Scientists Thought Penguins Were Disappearing, Then They Saw These Satellite Images… [Photos]

“[T]he sheer size of what we were looking at took our breath away,” is how one scientist, Dr. Heather Lynch from Stony Brook University, described getting her first glimpse of this secret penguin kingdom. Quite frankly, once you see the pictures for yourself, we think you’ll agree.

The scientists were initially tipped off to this penguin paradise by a NASA satellite image that showed patches of guano, aka “penguin poo,” on an archipelago called the Danger Islands, located at the northern tip of the Antarctic Peninsula.


The team travelled to the region in December 2015, funded by the Wood Hole Oceanographic Institution (WHOI), having first found evidence for animals there in 2014 by scouring Landsat data with an algorithm. They then used a modified quadcopter drone to take images of the Danger Islands from above, discovering the supercolony in the process.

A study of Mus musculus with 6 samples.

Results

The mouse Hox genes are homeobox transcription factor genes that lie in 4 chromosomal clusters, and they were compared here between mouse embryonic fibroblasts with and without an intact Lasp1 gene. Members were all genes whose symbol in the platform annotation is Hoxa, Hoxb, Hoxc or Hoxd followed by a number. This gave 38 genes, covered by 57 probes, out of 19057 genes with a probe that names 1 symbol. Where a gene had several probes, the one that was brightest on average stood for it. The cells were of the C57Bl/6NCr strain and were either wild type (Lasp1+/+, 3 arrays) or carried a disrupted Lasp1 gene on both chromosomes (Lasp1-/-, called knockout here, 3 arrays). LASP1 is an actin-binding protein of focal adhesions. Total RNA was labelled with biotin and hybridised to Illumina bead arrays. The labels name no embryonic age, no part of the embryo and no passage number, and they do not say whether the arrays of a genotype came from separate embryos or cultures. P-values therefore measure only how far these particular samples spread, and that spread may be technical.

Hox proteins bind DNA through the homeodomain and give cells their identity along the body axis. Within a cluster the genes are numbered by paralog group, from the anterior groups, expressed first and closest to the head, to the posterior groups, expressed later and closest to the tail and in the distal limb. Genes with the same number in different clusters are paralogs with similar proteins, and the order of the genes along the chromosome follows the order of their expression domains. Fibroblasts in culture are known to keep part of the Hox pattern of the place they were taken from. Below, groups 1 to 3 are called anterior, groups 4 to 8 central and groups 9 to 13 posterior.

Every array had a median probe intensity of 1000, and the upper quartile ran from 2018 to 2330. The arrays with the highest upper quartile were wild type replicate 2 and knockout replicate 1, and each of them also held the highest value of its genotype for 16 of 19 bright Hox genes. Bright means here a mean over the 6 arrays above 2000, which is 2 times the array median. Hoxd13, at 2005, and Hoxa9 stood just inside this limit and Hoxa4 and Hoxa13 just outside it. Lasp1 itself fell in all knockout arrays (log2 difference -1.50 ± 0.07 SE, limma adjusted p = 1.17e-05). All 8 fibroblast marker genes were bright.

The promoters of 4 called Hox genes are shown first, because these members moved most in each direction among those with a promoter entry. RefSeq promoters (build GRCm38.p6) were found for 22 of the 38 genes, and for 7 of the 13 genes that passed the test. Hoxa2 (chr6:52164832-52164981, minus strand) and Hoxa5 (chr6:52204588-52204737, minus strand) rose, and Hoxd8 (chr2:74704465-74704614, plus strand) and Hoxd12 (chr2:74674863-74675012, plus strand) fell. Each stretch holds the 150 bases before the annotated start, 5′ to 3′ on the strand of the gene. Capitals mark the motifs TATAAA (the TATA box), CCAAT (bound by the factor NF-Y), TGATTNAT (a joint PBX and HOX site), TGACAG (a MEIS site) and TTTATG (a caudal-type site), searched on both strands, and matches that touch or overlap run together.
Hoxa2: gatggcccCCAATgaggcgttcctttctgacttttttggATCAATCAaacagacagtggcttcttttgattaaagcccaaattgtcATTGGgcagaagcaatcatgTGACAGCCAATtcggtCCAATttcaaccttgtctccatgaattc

The Danger Islands get their name from British explorer James Ross in 1842. He named them so because, according to the US Geological Survey (USGS), they appeared suddenly among heavy fragments of ice and “were almost completely concealed until the ship was nearly upon them.”

Interestingly, the number of Adélie penguins found on the east side of Antarctica is different to the west side – where this discovery was made. This could be due to greater sea ice in the area, more available food, or other factors.

It’s hoped this discovery will give more support to creating protected areas near the Antarctic, such as Antarctic Specially Protected Areas (ASPAs) or Marine Protected Areas (MPAs).

“Given the large number of Adélie penguins breeding in the Danger Islands, and the likelihood that the northern Weddell Sea will remain suitable for Adélie penguins longer than the rest of the Antarctic Peninsula region, we suggest the Danger Islands should be strongly considered for further protection,” the team wrote in their paper.

It’s hard to imagine that, after seeing these images, anyone would not deem these islands a protected area, but in these strange times, you never know.

What do you think? Should the Danger Islands be deemed a protected area for our little tuxedoed friends?